Betting fraud, cheating, and match-fixing allegations: Controversy mars CSGO's CIS RMR event



The Esports Integrity Commission (ESIC) reported on Twitter Wednesday that they have expressed concerns to CS:GO developer Valve over the recent Regional Major Rankings (RMR) event run for the CIS region. 


According to ESIC, they received information regarding a number of potential issues, including:


  • Betting and client information
  • Match and player behavior analysis data
  • Prior behavior data
  • Other relevant information

“In assessing the evidence, ESIC determined that there was a reasonable basis to believe that potential match-fixing and/or betting fraud behaviour was perpetrated”, the commission writes, suggesting events at the Valve-sanctioned major qualifier may have been rigged for financial gain.


Tournament organizers EPIC are not currently ESIC members, hence the delay in communication, which apparently follows evidence being handed to ESIC via their global Suspicious Betting Activity Network (SBAN). vs Akuma controversy at EPIC League RMR 

The claims relate specifically to Alexander Shyshko, the former CEO of the now-defunct Project X organisation that housed three of Akuma’s current five-man lineup. The allegations in this case centre around the Akuma vs. Virtus.Pro match, the result of which had already been called into question before it emerged that Shyshko had made a number of wagers on the game prior to it starting.


There were also a number of other stories to emerge from the event, including but not limited to the tournament not having an anti-cheat, no TeamSpeak recordings, a zero-delay GOTV feed, and no recorded replays. These came to a head when Na’Vi coach Andrii “B1ad3” Gorodenskyi went on HLTV’s Confirmed podcast and flat out said he believed the Akuma players were cheating.

Akuma free to play elsewhere still

Perhaps more worrying for CSGO is the fact Akuma (who were cleared by the Russian Esports Federation in a Twitlonger), are still competing in other events at the time of writing, such as the European Development Championship (EDC). We spoke to Jamie “Squid” Stewart, a commentator who has worked with many of the companies involved in the past, to get an idea of just how bad the issue could be, and how companies are reacting.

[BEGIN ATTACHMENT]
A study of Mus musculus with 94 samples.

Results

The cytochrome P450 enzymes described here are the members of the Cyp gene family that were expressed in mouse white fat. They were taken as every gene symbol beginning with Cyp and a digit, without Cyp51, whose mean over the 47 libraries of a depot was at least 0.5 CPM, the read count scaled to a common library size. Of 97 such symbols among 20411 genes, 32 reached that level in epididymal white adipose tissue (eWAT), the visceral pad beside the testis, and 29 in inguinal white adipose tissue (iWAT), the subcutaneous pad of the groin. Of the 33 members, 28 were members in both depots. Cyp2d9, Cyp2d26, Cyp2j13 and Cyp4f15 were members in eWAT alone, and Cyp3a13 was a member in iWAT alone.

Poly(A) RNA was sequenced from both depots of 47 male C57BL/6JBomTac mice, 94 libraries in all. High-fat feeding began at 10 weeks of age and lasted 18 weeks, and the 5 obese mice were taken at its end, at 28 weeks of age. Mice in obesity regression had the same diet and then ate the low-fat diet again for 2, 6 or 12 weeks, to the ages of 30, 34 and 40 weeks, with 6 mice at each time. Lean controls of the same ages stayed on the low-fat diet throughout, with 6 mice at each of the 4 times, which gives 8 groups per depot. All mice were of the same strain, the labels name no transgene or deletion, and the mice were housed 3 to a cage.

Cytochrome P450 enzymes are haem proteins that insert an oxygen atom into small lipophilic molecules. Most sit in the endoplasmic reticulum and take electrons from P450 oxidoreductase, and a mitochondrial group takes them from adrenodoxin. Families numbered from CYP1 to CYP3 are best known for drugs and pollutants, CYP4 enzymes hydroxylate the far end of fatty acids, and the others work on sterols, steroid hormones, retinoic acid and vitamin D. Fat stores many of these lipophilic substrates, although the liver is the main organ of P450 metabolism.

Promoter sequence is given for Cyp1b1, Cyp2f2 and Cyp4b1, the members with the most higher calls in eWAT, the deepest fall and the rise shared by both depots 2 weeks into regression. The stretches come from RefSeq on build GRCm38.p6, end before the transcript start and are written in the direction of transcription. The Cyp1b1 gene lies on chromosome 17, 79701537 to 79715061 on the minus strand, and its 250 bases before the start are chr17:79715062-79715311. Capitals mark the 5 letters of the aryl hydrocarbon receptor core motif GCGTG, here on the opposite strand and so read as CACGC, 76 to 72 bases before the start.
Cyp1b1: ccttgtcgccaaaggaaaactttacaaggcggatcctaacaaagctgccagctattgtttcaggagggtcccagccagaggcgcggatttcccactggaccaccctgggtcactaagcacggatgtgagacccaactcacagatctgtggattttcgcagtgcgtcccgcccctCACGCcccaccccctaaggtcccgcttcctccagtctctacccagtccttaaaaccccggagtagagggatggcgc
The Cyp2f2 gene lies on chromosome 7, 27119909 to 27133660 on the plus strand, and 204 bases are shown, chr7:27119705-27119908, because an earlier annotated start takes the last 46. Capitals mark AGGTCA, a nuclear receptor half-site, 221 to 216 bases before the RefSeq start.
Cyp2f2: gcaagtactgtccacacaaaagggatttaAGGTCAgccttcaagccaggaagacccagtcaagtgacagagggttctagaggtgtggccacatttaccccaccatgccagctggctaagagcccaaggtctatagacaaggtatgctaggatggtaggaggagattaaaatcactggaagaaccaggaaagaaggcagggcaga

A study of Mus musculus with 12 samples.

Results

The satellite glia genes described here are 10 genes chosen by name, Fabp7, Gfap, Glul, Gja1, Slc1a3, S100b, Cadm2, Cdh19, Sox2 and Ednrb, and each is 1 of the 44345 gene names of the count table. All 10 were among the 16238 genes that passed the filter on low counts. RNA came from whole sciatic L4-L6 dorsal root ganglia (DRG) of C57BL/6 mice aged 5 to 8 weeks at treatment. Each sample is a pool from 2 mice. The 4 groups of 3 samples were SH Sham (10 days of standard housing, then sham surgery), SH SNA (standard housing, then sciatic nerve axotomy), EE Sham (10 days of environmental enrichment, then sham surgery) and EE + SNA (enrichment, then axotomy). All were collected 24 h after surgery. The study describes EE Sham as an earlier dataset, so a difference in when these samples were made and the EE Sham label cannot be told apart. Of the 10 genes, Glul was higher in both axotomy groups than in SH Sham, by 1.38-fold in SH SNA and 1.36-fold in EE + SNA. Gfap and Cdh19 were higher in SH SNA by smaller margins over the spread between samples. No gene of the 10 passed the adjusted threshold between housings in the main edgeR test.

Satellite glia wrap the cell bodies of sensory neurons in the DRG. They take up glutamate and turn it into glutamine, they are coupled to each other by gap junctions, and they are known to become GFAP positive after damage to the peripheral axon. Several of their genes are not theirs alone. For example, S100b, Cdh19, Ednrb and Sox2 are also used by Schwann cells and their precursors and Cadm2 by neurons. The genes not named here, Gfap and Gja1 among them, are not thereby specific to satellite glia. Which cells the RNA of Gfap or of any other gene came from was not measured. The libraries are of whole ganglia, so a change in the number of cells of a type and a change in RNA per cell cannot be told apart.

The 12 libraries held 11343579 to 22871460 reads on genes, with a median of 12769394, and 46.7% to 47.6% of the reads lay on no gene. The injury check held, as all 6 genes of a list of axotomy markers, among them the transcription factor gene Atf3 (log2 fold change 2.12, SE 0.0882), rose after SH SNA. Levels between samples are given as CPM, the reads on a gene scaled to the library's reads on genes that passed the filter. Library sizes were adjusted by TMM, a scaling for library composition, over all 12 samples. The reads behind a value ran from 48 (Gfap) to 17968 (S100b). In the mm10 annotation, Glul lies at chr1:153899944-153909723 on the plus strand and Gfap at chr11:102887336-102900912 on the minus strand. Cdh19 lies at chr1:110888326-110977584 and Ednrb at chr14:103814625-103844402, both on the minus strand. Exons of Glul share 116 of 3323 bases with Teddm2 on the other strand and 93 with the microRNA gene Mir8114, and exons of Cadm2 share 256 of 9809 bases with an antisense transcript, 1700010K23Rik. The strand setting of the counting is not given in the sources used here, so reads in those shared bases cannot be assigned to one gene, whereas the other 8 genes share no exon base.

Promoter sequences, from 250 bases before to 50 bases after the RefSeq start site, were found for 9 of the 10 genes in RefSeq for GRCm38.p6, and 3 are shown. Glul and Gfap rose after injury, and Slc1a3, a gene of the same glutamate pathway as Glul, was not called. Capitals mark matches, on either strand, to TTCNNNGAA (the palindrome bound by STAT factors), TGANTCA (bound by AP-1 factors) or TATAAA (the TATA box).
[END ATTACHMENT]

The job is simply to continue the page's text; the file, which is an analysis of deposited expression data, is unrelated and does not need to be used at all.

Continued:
“It was obvious from a kilometre away that Akuma weren’t playing fair, the fact that tournament organisers are ignoring such a wealth of evidence makes me question their integrity”, Squid told Inven Global.  “It’s absolutely disgusting that tournament organisers like EDC have privately communicated to me that Akuma will STILL be allowed to play in their tournament. This is despite Parimatch (their sponsor) refunding bets on Akuma games and this statement.”


Like many in the esports space, Squid believes the move made by ESIC is the correct way to go. “ESIC have done absolutely the right thing by taking the overwhelming evidence to Valve. The statement is spot on and I hope the appropriate organisations now take action. Albeit I believe the organisations in question, Valve and the TOs may still pass the responsibility elsewhere and create another clusterf**k.”


The decision by EDC to allow Akuma to enter their event directly contravenes the advice from ESIC that the team should be suspended pending investigation. At this point in time, they have only handed data to Valve, and ESIC themselves are not investigating the matter due to having ‘no jurisdiction’ over the event, which is not ESIC-sanctioned, as previously stated.


Dexerto Editor-at-Large Richard Lewis reported today that Valve have confirmed to him they are conducting their own investigation into ‘the standards of the tournament’, in his report on the topic. We will update the story as it unfolds, and ESIC have asked that anyone with information pertinent to the case contact them ASAP.